There is coverage in the Daily Express this morning of claims that the planned phasing out of the use of coal and wet wood from next year could lead to fuel poverty in “millions” of households in rural areas.

The Government takes fuel poverty very seriously and have taken fuel poverty considerations into account when considering our strategy on domestic wood and coal burning. The number of households currently using coal and wet wood as a primary source of fuel is currently significantly less than a million.

We are working across government to help households that currently burn the most polluting solid fuels to shift to cleaner options that are affordable for them.

Our tests have found that there are low sulphur manufactured solid fuels already available that burn more efficiently than coal, and are cheaper to use over the long run. We will support coal merchants during the transition period to help their customers switch to get the benefits from these more efficient fuels.

The Government is also currently updating its Fuel Poverty Strategy and is considering the appropriate mix of subsidy, incentives and regulation required to meet the Fuel Poverty Target to improve homes to an energy efficiency rating of Band C by 2030.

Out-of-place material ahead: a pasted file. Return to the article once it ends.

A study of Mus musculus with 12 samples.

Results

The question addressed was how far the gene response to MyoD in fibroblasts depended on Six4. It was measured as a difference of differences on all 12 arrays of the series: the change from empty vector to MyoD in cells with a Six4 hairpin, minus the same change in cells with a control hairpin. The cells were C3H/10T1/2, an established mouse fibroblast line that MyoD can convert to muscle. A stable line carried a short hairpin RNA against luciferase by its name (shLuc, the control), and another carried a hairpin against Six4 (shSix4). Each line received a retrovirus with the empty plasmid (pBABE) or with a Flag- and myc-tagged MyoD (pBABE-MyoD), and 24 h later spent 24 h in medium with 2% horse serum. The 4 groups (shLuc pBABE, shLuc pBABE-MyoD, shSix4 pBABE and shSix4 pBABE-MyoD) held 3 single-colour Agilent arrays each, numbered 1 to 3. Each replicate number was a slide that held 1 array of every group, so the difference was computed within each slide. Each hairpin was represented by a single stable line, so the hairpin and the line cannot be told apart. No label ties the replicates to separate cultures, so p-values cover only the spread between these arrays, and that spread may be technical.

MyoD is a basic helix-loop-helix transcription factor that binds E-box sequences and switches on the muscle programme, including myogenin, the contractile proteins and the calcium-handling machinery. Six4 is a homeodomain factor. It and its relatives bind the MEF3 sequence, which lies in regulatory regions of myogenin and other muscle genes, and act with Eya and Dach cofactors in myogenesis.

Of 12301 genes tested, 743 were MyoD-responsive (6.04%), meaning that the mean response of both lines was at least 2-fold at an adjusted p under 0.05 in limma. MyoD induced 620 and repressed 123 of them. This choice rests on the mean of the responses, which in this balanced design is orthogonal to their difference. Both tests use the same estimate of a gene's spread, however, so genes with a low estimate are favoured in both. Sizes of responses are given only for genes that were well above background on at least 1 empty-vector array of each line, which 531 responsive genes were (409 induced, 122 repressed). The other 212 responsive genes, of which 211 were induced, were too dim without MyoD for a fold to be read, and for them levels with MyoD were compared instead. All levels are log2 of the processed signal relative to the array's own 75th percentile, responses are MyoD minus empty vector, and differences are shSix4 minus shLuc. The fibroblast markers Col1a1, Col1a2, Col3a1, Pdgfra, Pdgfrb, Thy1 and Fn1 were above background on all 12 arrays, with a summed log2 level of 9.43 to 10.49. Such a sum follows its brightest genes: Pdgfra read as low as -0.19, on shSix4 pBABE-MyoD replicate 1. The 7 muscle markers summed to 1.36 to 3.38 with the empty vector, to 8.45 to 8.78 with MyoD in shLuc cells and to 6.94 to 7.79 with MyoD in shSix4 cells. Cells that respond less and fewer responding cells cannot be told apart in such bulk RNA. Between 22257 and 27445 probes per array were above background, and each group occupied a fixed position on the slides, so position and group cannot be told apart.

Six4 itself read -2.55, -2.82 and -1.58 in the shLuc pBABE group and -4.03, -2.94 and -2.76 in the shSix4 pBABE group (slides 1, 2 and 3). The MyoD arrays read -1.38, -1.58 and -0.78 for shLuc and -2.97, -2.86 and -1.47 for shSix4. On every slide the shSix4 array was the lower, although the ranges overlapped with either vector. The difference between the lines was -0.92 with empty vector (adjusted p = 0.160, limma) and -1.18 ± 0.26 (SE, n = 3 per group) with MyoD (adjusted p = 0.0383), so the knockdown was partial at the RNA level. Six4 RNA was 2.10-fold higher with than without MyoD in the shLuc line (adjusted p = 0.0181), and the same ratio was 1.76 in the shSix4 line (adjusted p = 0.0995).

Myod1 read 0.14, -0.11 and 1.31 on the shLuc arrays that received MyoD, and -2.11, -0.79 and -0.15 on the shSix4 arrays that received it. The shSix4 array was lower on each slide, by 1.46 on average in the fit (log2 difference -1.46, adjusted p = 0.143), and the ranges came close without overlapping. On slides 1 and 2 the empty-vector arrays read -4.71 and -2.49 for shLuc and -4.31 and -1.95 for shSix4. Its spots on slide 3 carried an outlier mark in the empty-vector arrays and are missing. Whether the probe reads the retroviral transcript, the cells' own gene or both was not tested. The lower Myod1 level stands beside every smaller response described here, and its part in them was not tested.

Environment Secretary George Eustice said:

Cosy open fires and wood-burning stoves are at the heart of many homes up and down the country, but the use of certain fuels means they are also the biggest source of the most harmful pollutant that is affecting people in the UK.

By moving towards the use of cleaner fuels such as dry wood we can all play a part in improving the health of millions of people.

This is the latest step in delivering on the challenge we set ourselves in our world-leading Clean Air Strategy. We will continue to be ambitious and innovative in tackling air pollution from all sources as we work towards our goal to halve the harm to human health from air pollution by 2030.